Index 2024
78/ 180
Score : 59.97
Political indicator
Economic indicator
Legislative indicator
Social indicator
Security indicator
Index 2023
85/ 180
Score : 59.51
Political indicator
Economic indicator
Legislative indicator
Social indicator
Security indicator

The transitional government, installed after the military coup in September 2021, has not kept its promises to guarantee press freedom in Guinea. Despite media pluralism,  journalists and the media face obstruction and attacks that have become dangerously commonplace.

Media landscape

The print media have flourished since the 1990s and, of 65 existing weeklies, ten are published regularly, whether they be satirical newspapers like Le Lynx or general news publications like L’Indépendant. The broadcast sector consists of at least 60 radio stations and around ten TV channels. Online, about 100 news sites have emerged in the past 25 years. The media landscape is diverse and the 2010 press freedom law prevents excessive media ownership concentration. However, it has become increasingly difficult to produce critical reporting under the transitional government. Four privately owned radio stations have been jammed constantly since November 2023, three privately owned TV channels are virtually inaccessible, and at least three news sites were blocked without explanation for several weeks in 2023. 

Political context

Although the transitional government made a commitment to RSF to respect press freedom, shortly after coming to power in October 2021, attacks committed by the authorities have increased in recent months, most notably through the censorship of several mainstream media outlets. The media regulator, the High Authority for Communication (HAC), removed three TV channels from TV packages in December 2023 for reasons of “national security”. The Minister of Foreign Affairs also invoked a “security problem” to explain blocking the access to social media in the country for three months.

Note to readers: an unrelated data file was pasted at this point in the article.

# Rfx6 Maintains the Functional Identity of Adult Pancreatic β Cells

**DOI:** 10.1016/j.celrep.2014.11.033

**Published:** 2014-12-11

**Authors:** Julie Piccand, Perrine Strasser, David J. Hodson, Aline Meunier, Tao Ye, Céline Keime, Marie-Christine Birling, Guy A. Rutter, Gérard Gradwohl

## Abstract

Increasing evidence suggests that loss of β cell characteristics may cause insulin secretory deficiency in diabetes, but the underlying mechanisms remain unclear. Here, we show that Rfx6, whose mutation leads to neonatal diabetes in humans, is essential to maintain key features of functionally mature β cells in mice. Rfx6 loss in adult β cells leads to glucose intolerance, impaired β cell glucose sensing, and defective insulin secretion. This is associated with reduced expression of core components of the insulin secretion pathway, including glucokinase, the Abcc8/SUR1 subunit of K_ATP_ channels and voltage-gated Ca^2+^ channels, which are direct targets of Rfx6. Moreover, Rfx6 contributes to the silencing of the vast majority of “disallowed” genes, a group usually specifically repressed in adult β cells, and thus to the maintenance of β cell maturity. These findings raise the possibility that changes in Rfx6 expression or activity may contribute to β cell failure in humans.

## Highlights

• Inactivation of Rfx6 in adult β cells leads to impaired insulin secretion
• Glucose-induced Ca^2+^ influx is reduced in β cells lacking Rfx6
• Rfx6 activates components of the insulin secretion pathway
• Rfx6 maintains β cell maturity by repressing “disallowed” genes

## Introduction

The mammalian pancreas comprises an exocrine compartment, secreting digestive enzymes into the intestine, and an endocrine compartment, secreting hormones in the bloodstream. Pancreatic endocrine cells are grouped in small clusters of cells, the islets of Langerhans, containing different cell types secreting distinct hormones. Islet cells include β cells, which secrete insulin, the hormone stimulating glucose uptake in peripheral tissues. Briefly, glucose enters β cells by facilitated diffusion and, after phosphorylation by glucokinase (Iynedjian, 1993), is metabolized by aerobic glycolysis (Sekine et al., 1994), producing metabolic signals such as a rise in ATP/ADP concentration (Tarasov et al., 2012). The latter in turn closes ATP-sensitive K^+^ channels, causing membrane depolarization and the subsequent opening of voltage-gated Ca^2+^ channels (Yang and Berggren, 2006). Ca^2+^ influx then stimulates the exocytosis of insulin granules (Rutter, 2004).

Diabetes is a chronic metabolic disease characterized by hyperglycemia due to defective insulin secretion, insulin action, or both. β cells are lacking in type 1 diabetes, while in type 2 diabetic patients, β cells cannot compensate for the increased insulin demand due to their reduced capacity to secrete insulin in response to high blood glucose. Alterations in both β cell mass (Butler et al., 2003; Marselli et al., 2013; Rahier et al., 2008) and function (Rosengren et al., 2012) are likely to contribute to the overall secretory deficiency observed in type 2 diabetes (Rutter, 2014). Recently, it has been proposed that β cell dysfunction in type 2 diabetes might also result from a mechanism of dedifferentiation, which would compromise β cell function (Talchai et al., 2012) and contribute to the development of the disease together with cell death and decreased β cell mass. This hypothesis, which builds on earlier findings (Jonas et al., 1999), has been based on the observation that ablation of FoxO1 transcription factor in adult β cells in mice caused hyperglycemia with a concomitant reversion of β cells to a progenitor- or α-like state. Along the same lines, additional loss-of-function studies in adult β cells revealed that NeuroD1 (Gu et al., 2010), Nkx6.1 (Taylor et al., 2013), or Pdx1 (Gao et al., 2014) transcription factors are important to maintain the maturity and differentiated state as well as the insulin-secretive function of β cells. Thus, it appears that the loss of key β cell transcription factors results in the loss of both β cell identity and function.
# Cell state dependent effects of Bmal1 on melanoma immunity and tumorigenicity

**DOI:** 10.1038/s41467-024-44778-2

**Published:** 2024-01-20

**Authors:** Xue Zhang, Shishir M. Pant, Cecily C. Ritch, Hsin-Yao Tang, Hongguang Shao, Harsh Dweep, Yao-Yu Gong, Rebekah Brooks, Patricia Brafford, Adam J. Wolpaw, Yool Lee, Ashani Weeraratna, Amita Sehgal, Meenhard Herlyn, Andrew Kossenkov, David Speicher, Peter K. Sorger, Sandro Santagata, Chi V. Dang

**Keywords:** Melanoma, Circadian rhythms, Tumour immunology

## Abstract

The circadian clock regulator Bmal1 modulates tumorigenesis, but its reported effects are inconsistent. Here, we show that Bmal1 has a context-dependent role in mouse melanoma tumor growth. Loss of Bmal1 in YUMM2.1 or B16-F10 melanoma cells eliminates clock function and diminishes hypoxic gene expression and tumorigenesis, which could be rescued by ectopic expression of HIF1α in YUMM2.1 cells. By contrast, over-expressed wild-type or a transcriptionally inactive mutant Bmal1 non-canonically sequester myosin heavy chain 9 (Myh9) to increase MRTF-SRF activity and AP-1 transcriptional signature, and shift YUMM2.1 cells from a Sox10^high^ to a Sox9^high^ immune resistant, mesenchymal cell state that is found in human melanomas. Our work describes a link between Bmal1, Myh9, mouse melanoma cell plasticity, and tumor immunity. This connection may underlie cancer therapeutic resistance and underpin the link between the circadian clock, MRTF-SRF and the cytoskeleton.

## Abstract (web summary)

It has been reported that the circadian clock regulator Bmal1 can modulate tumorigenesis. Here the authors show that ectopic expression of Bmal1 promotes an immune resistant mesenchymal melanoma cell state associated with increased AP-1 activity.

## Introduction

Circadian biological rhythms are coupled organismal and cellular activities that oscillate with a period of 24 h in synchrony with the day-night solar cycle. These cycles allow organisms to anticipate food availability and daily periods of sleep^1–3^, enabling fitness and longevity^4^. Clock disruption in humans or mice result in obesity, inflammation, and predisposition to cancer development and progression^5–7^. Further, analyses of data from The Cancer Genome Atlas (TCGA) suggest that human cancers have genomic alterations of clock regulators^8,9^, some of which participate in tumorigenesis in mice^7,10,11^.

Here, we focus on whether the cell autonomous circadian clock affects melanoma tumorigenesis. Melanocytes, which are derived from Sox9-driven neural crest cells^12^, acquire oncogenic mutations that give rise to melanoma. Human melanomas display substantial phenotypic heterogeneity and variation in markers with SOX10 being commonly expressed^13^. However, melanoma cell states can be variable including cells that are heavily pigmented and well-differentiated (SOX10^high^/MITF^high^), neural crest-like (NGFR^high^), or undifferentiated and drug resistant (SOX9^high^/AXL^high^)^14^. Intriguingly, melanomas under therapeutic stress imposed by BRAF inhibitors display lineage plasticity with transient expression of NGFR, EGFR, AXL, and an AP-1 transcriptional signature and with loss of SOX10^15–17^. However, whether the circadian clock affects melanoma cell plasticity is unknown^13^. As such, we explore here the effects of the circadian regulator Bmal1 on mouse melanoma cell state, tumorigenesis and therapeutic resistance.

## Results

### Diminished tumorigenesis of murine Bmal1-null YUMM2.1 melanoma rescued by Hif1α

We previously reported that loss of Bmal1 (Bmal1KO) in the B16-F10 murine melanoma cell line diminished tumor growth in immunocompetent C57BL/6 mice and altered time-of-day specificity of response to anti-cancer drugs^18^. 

Legal framework

The 2010 press freedom law abolishing prison sentences for press offences was a major step forward in the protection of journalists. However, journalists continue to be summoned for questioning or arrested, as was the case for about ten journalists in October 2023 and January 2024. The organic law on the right to access public information and establishing the principle of transparency has yet to take effect despite its adoption in November 2020. In September 2022, the High Authority for Communication (HAC) suspended five journalists without respecting legal procedures. 

Economic context

The government gives state-owned media preferential treatment in terms of priority access to official events and government announcements, at the expense of privately owned media. Subsidies granted to privately owned media are considered insufficient, and most operate thanks to advertisers. But when privately owned media outlets are restricted or censored, advertisers become wary and terminate contracts. This forces those media outlets to reduce their programming or stop operating altogether, and to temporarily lay off journalists due to lack of resources.

Sociocultural context

Certain topics, such as homosexuality, polygamy, and domestic violence, are treated with a certain caution, and even restraint, so as not to offend the public’s moral code. Likewise, journalists who address the issue of opposition to female genital mutilation and forced marriage are targeted by religious interest groups.


Journalists are regularly victims of attacks and violence, especially during political protests. They are also frequently faced with death threats and harassment on social media. Acts of violence against journalists – often perpetrated by law enforcement and political party activists – usually go unpunished. Journalists are also often arrested. The general secretary of the main press union, Sékou Jamal Pendessa, spent more than a month in detention for trying to organise a demonstration in defence of press freedom. Thomas Dietrich, a French journalist who was investigating corruption within the National Petroleum Company (SONAP), was expelled in January 2024.